Mortgage servicers know that in a certain percentage of foreclosures, dedicated borrowers (and others) can abuse the system with bizarre, baseless defenses and unending delaying tactics. Sometimes (not so often, though) an attempt to slow-up a foreclosure is so dumb that it goes absolutely nowhere – except the law books. There is some comfort in seeing a really nutty posture disposed of – thus our mention of a new case for your delectation. [Contimortgage Corp. v. DeJesus, 23A.D.3d 603, 805 N.Y.S.2d 400 (2d Dept. 2005)]
A mortgage foreclosure action was going forward when along came a mortgage brokerage company (not a party to the foreclosure) offering to pay off the mortgage. (The decision doesn’t say so, but we can surmise that the broker was likely refinancing the owner.) The foreclosing lender was agreeable and sent a document it called an addendum to the broker to sign to make the deal, so long as the paper was signed by a certain date. And if the signing didn’t happen, the agreement was to be void.
The date came and went with no broker’s signature and no paper returned to the foreclosing lender. Then when a foreclosure sale was held, the broker moved to stay delivery of the referee’s deed, presumably on the ground that it had some contract with the lender.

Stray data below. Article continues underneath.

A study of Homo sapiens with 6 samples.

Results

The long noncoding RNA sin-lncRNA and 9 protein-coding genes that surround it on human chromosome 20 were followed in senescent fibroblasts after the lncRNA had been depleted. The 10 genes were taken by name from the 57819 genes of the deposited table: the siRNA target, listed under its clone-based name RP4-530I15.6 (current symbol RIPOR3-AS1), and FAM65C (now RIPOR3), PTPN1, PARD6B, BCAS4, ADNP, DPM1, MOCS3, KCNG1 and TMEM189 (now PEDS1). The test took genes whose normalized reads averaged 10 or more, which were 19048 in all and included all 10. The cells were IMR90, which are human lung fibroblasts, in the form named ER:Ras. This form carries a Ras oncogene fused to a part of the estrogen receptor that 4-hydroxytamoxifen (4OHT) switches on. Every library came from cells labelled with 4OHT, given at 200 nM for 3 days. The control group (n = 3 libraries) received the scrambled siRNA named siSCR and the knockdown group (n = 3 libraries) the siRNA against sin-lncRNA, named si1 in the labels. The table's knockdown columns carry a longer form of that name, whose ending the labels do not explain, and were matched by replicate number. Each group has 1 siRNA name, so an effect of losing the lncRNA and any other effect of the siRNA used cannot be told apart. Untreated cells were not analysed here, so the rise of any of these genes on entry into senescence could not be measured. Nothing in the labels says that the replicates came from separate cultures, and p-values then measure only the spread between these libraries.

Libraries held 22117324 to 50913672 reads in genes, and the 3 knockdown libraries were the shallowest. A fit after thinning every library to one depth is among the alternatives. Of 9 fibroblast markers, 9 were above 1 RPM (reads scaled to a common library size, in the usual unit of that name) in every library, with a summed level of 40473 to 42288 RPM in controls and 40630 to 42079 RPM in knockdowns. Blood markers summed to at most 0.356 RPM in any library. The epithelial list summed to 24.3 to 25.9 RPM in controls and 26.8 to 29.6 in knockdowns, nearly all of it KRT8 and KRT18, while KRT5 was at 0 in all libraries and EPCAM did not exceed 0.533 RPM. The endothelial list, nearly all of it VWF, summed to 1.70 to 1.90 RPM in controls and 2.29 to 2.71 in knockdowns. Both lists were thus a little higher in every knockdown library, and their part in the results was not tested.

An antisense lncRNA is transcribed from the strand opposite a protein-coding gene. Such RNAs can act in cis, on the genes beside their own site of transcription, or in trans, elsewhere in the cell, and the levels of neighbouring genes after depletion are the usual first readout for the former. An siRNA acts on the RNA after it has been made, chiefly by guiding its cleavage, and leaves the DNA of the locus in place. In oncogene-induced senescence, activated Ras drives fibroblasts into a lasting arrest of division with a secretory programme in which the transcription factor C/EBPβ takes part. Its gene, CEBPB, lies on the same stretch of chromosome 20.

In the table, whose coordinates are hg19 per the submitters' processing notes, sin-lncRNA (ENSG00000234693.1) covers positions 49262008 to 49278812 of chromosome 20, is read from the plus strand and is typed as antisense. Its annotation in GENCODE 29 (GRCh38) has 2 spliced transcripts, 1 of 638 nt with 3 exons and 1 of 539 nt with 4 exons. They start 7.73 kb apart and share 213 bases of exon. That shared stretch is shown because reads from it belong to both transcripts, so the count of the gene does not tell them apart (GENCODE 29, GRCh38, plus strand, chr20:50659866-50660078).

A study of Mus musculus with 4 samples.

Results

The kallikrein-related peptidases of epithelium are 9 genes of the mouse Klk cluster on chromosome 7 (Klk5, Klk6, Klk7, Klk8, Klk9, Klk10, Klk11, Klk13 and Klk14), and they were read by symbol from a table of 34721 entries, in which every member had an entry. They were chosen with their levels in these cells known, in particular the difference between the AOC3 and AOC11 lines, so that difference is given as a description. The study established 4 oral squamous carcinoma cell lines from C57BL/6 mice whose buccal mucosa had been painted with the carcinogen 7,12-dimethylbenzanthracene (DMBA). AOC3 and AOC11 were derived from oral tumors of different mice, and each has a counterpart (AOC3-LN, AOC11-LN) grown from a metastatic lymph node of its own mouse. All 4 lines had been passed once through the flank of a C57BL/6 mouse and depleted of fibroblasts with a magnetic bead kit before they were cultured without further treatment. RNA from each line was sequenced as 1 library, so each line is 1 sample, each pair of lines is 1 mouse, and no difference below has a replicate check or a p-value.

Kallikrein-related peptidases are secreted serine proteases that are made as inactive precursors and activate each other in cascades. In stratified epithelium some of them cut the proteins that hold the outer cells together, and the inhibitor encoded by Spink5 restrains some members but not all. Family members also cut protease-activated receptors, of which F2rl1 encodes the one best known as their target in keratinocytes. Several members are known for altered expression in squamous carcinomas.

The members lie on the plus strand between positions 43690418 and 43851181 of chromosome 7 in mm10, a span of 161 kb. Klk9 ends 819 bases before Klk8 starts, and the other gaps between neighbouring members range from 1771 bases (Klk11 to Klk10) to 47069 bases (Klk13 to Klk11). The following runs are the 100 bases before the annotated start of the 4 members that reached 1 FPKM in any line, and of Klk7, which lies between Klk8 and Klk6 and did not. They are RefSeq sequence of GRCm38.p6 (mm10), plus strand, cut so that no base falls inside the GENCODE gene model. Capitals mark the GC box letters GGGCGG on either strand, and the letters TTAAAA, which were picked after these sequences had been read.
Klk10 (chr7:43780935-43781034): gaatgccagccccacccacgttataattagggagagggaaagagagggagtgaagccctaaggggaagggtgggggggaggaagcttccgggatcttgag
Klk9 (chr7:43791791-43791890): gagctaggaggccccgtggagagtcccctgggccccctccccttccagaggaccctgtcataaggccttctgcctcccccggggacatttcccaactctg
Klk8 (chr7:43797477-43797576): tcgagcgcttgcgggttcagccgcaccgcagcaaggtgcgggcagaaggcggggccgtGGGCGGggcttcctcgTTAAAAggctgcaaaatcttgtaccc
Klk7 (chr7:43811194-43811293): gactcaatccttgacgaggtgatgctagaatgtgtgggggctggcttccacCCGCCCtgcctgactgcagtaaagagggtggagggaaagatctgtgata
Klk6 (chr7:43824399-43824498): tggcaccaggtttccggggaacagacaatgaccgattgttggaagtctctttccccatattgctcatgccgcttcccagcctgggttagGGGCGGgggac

“No” said the court, there was no contract between the broker and the lender. Why the broker thought an appeal was a good idea is puzzling but they tried that route and lost again – not surprisingly.
But there is still a lesson here. Usually, we urge caution with even desirable settlement paths because they are so often fertile ground for someone to later make a fuss and slow-up a foreclosure. Special care and attention to detail can help avoid problems, though.
Here, the lender was careful. Its agreement had a set timeframe and would become void if the date to sign and return was not honored. Even with such wise caution the lender was dragged through a motion and an appeal, costs which likely could not be recovered.
So an absurd defense was banished. Care saved the day, but not all the expense.
Mr. Bergman, author of the four-volume treatise, Bergman on New York Mortgage Foreclosures, LexisNexis Matthew Bender (rev. 2017), is a partner with Berkman, Henoch, Peterson, Peddy & Fenchel, P.C. in Garden City, New York. He is also a member of the USFN, The American College of Real Estate Lawyers, The American College of Mortgage Attorneys, an adviser to the New York Times on foreclosure issues and writes a regular servicing column for the New York Law Journal. He is AV rated by Martindale-Hubbell, his biography appears in Who’s Who In American Law and he has been for years listed in Best Lawyers In America and New York Super Lawyers.